Charly,  dance

dance competitions aren’t for the faint of heart

This past weekend my daughter participated in her second dance competition of this season.  If you don’t have a competitive dancer in your family, let me give you a rundown of how it works.

About a week before the competition (if you are lucky!), you’ll receive a schedule of all the dances that will be performing that weekend.  Sometimes, the competition will accept so many entries (read: $) that it will be necessary to have some dances perform on Fridays.  Not just Fridays, but 7 am on Friday.  Now, since I homeschool, I am not subject to the boundaries of school on Fridays.  But, if you don’t homeschool (or perhaps you work for a living), Fridays can be a huge inconvenience!  Even more so if you have more than one child, and perhaps a significant other who also works to help finance this dance thing…

So you have the schedule so you should just show up at that time, right?  Not so.  Even if you have received a schedule, that is just a rough timeline.  In fact, you pretty much have to bank on the fact that dance competitions don’t really hand out schedules, but a list of dances performing in that (rough) order.  Most the time, my daughter and I are there an hour and a half before our dance is ‘scheduled’ to dance in order to get her warmed up before hitting the stage.  This past weekend, they ran anywhere from 20 minutes to 2 hours ahead of schedule!  Not exactly something you can plan for – unless you reserve the whole day for this.

When you roll up to the venue – in most cases, a high school performing arts center, or if you are lucky, a hotel ballroom – it’s important to find the dressing room and quickly stake a claim.  The competition doesn’t start on stage, it starts in the dressing room!  Splay everything you possibly can to take up as much space you think you need.  If another teammate is there, try to make a barricade so that no one on opposing teams decides to get in your space.  Nothing more irritating than other dance moms honing in on your space.  Also, keep an eye on your stuff.  My daughter had her custom-made, hand rhinestoned (“Blinged”) MyGGems Converse stolen from a dressing room in Vegas.  Another time she had her iPhone taken from a dressing room and mysteriously it was in the lobby – I was able to track it immediately, but still infuriating to say the least.  Guard your loins.

When your child finally gets on stage, they will likely rush right off stage in order to get changed for the next dance!  This is when tensions can get high.  Your child may be in a panic, you are trying the best you can in order to change her hairstyle for the next dance, but still not quick enough for her.  Then you end up yelling at her to calm down, then the tears come and makeup has to be redone, causing even more stress.  Then they go back on stage, making your parental heart swell with pride in awe of your child, and the whole cycle starts back up again.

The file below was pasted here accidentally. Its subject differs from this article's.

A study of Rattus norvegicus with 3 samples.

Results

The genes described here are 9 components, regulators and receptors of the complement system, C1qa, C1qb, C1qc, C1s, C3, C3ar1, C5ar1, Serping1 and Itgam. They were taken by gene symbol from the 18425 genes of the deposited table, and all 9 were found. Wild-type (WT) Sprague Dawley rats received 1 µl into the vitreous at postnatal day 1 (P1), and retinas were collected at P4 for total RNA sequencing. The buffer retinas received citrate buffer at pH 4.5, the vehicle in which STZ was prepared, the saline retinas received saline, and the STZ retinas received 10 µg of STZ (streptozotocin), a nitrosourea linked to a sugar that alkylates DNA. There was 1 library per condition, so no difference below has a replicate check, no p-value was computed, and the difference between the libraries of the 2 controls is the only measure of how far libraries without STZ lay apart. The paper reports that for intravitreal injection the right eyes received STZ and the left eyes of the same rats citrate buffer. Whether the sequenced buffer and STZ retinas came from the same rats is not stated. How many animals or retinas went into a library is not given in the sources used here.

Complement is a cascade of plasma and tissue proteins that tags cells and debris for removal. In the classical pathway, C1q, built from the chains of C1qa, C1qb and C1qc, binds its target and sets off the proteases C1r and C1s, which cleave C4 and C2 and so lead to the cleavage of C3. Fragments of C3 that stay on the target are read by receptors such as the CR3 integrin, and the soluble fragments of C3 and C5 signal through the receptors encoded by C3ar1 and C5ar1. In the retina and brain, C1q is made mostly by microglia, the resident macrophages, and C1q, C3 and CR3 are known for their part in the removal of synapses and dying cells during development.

There are award ceremonies sprinkled throughout the day.  Most competitions will give the names of their awards depending on their scoring scale.  Golds, High Golds, Platinums, Double Platinums, Diamonds, the list goes on and on.  The most confusing thing is that there is no standard.  Each dance competition is a business, and as such, can do things however they feel like it.  After the scaled awards, there are overall awards, which is really what competitions are for in my honest opinion.  Who did the best among your peers and yourself?  These are the most exciting!

As much as I complain about the long days – 7am to 11pm at times, then back again the next day – there is nothing that will make you tear up more than your child so elated with themselves at their accomplishment.

Which brings me back to my past weekend…  My husband was away on business, which meant that my two boys were stuck with me at the competition.  They sit and wait or play with the other siblings that just so happened to be around too.  But, mostly they bore their eyes out watching their electronics.  This past dance weekend consisted of rushing back and forth to help my daughter get ready for her next dance, constantly being stopped to answer a question, or stop a fight, or take another one of my children to the restroom, waiting for her to go on stage to perform, rush around again, wait again, etc.  Then the day ended at 9 pm, and started back up on Sunday at 7 am.  It’s exhausting.

But again, can be worth it.  Charly puts in hours a day dancing and rehearsing, willing herself to be better.  I honestly wish I could have that much drive at times – I could, but with a lot more espresso!  That all came to fruition this weekend.  She took home first place for her tap solo and tap duet with her BFF Grace.  The duo also took the Judge’s Award for Most Entertaining of the Day.  All in all, regardless of the stress, its worth it because my daughter is learning teamwork, how to take criticism and how to persevere.  Just because she may have come out on top this time, she will take that and continue to work on her craft.

As for food, the weekend’s meals consist mostly of fast food – a lot of times you can’t get healthy food quick enough between dances – and lots of COFFEE.  I pack tons of snacks, but the kids seem to get inhaled quickly.

Once the weekend is over, you are most definitely spent even though you didn’t even dance!  The following Monday is always a total bust for me, as I am so tired, and wasn’t able to get any planning done for the week ahead over the weekend.

It’s a good thing I homeschool them – or else we’d miss Mondays and Fridays at a regular school!!